Unicorn Photo Academy Guide to Amateur Photography (Seven): Composition and the Rule of Thirds

 It might look like Cupcake the Unicorn is in a magical fantasy land, but in fact this is just in our neighbor's bushes!

It might look like Cupcake the Unicorn is in a magical fantasy land, but in fact this is just in our neighbor's bushes!

Composition is the placement or arrangement of visual elements or 'ingredients' in a work of art, as distinct from the subject. It can also be thought of as the organization of the elements of art as according to the principles of art.

So what is composition in photography? Basically, it is the art of composing an image through framing--how you decide to arrange subjects within your viewfinder in a pleasing manner. Now, before we get into it, artistic composition follows “Pirate Code” like Jack Sparrow in the Pirates of the Caribbean. Meaning composition rules are “more like guidelines than actual rules.” Composition is very subjective, so in the end, you make the rules.

The most common and basic rule of composition is the “Rule of Thirds.” It works by imagining the image in nine equal parts by applying a 3x3 grid onto it with two evenly spaced vertical lines and two evenly spaced horizontal lines. Many 2-dimensional fine artists follow this rule and will physically draw the grid onto their canvas before working in the subject matter. Typically, your horizon line should rest at the top horizontal line, and your subject should rest at any intersection point to create visual interest.

Below are is an image with the grid over-laying the image so you can see how the rule of thirds was applied.

 Good boy, Bullett! In this image, part of his body is on the left line and the top horizontal line is near the horizon.

Good boy, Bullett! In this image, part of his body is on the left line and the top horizontal line is near the horizon.

Now, here are a few I took that deliberately break the Rule of Thirds. As you can see, the dog’s portrait is smack dab in the middle of the frame which seems random and not as visually interesting. In cases like this, you can usually crop an image over to one side to fix the composition, but try to avoid cropping if you can as that will affect image quality.

 Ooops, that's awfully centered!

Ooops, that's awfully centered!

 He's smack dab in the center of the grid! However the horizon line is almost perfect!

He's smack dab in the center of the grid! However the horizon line is almost perfect!

 How handy is it that the crop tool has a grid in thirds!?

How handy is it that the crop tool has a grid in thirds!?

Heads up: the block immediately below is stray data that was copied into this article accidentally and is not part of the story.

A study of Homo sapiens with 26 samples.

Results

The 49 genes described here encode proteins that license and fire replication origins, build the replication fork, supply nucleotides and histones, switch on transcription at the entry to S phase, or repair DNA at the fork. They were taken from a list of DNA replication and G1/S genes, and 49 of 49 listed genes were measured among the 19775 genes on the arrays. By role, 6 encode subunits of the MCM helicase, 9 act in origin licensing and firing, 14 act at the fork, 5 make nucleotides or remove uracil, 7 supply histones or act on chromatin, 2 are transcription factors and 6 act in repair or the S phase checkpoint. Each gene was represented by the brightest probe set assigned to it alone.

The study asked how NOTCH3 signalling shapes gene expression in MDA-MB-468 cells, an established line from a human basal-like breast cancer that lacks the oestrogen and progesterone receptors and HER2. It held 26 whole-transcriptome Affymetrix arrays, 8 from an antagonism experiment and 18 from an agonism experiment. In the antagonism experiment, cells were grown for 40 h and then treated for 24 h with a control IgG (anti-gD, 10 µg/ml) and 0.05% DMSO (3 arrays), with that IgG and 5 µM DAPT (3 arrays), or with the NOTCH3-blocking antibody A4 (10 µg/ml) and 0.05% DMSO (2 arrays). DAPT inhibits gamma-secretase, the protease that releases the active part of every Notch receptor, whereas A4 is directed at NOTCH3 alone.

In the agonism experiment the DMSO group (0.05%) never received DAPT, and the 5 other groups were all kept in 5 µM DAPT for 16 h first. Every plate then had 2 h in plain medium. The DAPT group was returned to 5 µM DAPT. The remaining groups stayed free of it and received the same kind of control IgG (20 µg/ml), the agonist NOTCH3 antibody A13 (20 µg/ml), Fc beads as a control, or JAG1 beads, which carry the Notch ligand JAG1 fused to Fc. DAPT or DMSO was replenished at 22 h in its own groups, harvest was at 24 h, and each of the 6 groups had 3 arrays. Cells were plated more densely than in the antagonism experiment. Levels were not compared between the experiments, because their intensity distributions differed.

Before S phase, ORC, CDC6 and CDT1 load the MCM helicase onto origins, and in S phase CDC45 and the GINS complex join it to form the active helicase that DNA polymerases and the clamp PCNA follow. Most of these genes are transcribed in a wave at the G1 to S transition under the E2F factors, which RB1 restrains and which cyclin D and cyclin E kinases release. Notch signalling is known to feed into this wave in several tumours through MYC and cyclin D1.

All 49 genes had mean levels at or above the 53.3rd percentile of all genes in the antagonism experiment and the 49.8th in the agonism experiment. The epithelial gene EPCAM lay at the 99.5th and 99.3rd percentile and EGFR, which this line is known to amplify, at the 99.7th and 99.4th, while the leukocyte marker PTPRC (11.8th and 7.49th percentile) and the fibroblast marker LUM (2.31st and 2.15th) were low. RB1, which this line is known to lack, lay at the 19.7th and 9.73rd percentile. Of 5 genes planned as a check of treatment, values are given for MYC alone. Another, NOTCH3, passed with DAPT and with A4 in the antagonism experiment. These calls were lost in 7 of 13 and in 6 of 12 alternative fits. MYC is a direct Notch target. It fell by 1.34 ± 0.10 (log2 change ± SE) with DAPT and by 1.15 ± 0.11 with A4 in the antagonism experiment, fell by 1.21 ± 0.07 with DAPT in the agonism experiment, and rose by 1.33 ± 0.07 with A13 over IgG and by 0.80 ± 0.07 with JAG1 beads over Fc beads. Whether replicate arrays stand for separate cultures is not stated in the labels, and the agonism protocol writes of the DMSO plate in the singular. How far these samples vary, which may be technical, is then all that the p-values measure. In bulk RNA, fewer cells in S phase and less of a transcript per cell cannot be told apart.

Much better!

Much better!

Some entry-level cameras even have a mode where the grid can be shown as an aid on your shooting menu (such as the Nikon D3000 & D5000 series). The rule of thirds is a great compositional guide for every beginner photographer, but as you learn the craft and grow your skills, you may find that you’re bored by applying the Rule of Thirds to every photograph you choose. You may create your own compositional practices, but here are a few great go-tos that I’ve found work well when composing an image, especially if you’re just starting out with photography:

  • Keep it simple. Don’t overthink your composition. You’ll get a feel for what looks interesting versus what looks dull as you practice shooting.

  • The simpler the shot, the bigger the impact: We’ve all seen pictures that are too busy. Deliver a clear message to your viewer without muddying your subject matter with too many elements.

  • Fill the frame and always get as close to a subject as you can when shooting in the field.

  • Avoid having your subject smack dab in the middle of the frame--you see that photo of the dog up above…

  • Look for interesting lines: Horizon lines, curvy streets, textures of lines--these are an element that can guide the viewer's’ eye in a creative way. These especially work well as “leading lines” if they head a certain direction such as towards the horizon, towards the subject, or towards the viewer.

  • Horizontal lines can evoke stability and calmness in an image, whereas diagonals can seem disruptive and energetic and illustrate movement and force.

  • Negative space is key: Yeah, fill your frame, but if your image looks claustrophobic, you may want to give your subject some breathing room.

  • Pay attention to your background. Is there a tree behind your subject’s head? Yeah, you may want to not have that happen or they may look as though their head is being impaled by a stick or a tree is growing from your head (although, if you’re a surrealist, that may work for you).

  • Have an eye for color: If you are photographing a person in the dead, brown landscape of November or early spring, you may want to advise them to sport a colorful wardrobe so they don’t become part of that boring landscape. Color catches the eye.

  • Break the rules. DO IT.

My last point is very important, and I can’t say it enough--how you compose images is up to you. If you don’t know where to start or you’re wondering why an image might not be working for you, sure, apply some of the “rules.” But shooting should be fun, creative, and not restrictive. Take risks, play, and see what you come up with. I say this in every single entry for this series, but I can’t say it enough: We all start somewhere.

Sincerely,

The Girl in the Unicorn Pajamas

PS: Use the hashtag #UnicornPhotoAcademy if you’re following and shooting along with this series.